Based on archival material including silk workers’ letters and telegraphs sent to the state authorities, including the sultan, and to the newspapers, as well as official correspondence between the local authorities in Bursa and the government, the article examines the strikes which occurred in the silk industry in Bursa and Bilecik in 1910. The silk factory workers, mostly female, wanted a decrease in working hours, an increase in their wages and exemption from paying the temettü vergisi (the profit tax). These demands were accepted neither by the factory owners nor by the government and in consequence the workers went on strike in August 1910. The strike, however, was unsuccessful.
Dalsar FahriTürk Sanayi ve Ticaret Tarihinde Bursa’da İpekçilik (İstanbul: Sermet Matbaası1960) pp. 16 25-9 236-40; İnalcık Halil The Ottoman Empire The Classical Age 1300-1600 (London: Phoenix 1997) pp. 121-6.
DalsarTürk Sanayi pp. 58-9 100-7 144-5 111-24 291-9 ; see also Erder “Factory districts in Bursa” p. 95; Quataert Donald “Machine breaking and the changing carpet industry of western Anatolia 1860-1908” in Donald Quataert (ed.) Workers Peasants and Economic Change in the Ottoman Empire 1730-1914 (İstanbul; The Isis Press 1993) pp. 109-14; Gerber Haim “Social and economic position of women in an Ottoman city Bursa” International Journal of Middle East Studies 12 (1980) 231-44.
DalsarTürk Sanayi411. Leila Erder in her article says that two Hümayun İpek Fabrikası were established in Bursa the first in 1852 in Çınardibi in the region of Cilimboz and the second two years later in Namazgah on the upper side of Gökdere see Erder “Bursa İpek Sanayiinde Teknolojik Gelişmeler” p. 115. The imperial silk factory was unable to survive for long and was taken over by a private entrepreneur in 1873 since it could not cover its expenses. For more information about the imperial silk factory see Erder “Factory districts in Bursa” p. 90; see also Çakıcı Mustafa “Osmanlı Sanayileşme Çabalarında Bursa İpek Fabrikası Örneği (1851-1873)” unpublished thesis İstanbul University 2010 pp. 20-1. I would like to thank Mustafa Çakıcı for sharing his M.A thesis with me.
DalsarTürk Sanayi pp. 401-13; Erder “Bursa İpek Sanayiinde Teknolojik Gelişmeler” pp. 114-15. For an updated list of the silk factories see also Kaygalak Sevilay “Kapitalistleşme Sürecinde Bir Osmanlı Anadolu Kenti: Bursa 1840-1914” unpublished Ph.D dissertation Ankara University 2006 pp. 234-7.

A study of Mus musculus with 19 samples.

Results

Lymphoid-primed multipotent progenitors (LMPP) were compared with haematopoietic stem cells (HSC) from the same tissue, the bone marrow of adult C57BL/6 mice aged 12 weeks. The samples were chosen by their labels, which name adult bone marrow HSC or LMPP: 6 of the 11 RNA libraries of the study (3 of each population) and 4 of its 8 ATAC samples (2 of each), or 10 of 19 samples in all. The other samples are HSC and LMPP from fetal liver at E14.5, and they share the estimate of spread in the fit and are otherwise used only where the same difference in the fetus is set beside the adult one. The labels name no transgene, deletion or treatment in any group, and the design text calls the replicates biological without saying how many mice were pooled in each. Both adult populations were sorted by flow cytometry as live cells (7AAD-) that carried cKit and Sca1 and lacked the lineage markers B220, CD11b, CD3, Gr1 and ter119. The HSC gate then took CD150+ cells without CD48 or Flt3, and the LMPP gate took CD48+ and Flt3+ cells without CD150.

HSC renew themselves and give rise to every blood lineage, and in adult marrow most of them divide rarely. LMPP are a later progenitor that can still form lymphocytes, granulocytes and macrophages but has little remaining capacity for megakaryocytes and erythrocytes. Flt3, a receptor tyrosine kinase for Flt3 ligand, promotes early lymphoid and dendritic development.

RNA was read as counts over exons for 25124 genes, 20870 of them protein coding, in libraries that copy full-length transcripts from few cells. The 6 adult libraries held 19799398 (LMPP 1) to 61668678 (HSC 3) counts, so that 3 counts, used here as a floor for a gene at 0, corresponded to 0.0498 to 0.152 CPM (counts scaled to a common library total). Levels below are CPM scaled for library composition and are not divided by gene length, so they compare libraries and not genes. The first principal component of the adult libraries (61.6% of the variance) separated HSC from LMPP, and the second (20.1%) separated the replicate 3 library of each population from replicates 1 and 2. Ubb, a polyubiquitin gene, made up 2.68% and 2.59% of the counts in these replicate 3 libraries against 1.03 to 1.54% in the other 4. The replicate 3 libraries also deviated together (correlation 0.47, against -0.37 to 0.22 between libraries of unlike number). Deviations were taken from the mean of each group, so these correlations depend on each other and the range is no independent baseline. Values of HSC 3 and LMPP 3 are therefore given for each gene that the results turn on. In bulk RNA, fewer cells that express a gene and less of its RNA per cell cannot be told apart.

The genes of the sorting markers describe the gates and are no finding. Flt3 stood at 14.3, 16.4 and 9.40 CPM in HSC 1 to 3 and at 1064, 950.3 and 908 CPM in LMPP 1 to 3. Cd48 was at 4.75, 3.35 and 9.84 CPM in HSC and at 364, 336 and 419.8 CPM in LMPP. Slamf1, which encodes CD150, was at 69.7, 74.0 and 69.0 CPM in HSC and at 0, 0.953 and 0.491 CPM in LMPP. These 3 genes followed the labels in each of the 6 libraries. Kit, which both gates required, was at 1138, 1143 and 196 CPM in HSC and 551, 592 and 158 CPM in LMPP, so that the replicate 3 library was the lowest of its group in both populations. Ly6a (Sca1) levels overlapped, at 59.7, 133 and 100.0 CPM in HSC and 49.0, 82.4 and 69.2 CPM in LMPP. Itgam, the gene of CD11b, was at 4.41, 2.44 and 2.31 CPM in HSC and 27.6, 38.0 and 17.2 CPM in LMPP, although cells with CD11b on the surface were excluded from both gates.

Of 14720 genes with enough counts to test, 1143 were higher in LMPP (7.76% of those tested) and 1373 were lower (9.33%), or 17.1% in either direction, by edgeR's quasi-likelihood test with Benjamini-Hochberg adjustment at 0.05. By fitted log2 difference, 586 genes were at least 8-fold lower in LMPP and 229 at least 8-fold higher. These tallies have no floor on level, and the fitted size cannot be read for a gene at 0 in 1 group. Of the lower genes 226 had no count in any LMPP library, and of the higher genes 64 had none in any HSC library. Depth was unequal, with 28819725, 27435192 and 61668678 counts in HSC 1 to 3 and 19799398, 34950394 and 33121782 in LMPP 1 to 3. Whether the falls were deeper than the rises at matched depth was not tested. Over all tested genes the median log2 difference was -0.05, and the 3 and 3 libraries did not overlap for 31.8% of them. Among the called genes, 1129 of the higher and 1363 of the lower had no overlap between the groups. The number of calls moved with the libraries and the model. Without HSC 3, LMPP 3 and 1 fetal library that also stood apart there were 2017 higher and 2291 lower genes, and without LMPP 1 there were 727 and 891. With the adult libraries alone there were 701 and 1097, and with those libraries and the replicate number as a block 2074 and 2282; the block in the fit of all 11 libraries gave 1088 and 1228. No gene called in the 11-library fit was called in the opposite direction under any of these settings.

Erder“Bursa İpek Sanayiinde Teknolojik Gelişmeler” p. 115. Moreover Erder referring to the British Vice- Consul Maling gives the city population as between 70000 and 75000 and the number of reels as 4345 and the workers as between 6700 and 7800 (winders reelers cocoon sorters and auxiliary workers) in the Bursa area in the 1860s. She says that “some 9 to 11% of the city’s inhabitants may have been wage earners in silk-reeling alone monopolizing the daily work pattern far more than any type of employment does in the city today”. The largest factory might have employed 240 and 300 workers see Erder “Factory districts in Bursa” pp. 92-3. For the 1860s Quataert gives the number of workers in the silk industry as 2000. For the later years he says that the number of workers increased to 4500 in 1890 and to 7000 in 1900 and then to 19000 workers in 1913 see Quataert “Silk cloth and raw silk production” pp. 130-1.
Van Os“Bursa’da Kadın İşçilerin 1910 Grevi” p. 8. Interestingly one day before the strike started the members of the CUP Fatih (İstanbul) Branch were in Bursa to visit the CUP clubs there and join an auction for the benefit of the CUP Fatih Branch’s night lectures see Ertuğrul “İstanbul Ahali-i Muhteremesinin Brusamızı Ziyaretleri” Issue 24 1 September 1910.
Refik Halid (Karay)“Hakk-ı Sükût”Memleket HikâyeleriHikaye 1 (İstanbul; İnkılâp Yayınları 2009) pp. 139-50 141. This novel was brought to the attention of the labour historians in Turkey by Şennur Sezer and Adnan Özyalçıner see Sezer Şennur and Adnan Yalçıner (eds.) Ekmek Kavgası Emek Öyküleri 1 (İstanbul: Evrensel Basım-Yayım 2002) pp. 3-23.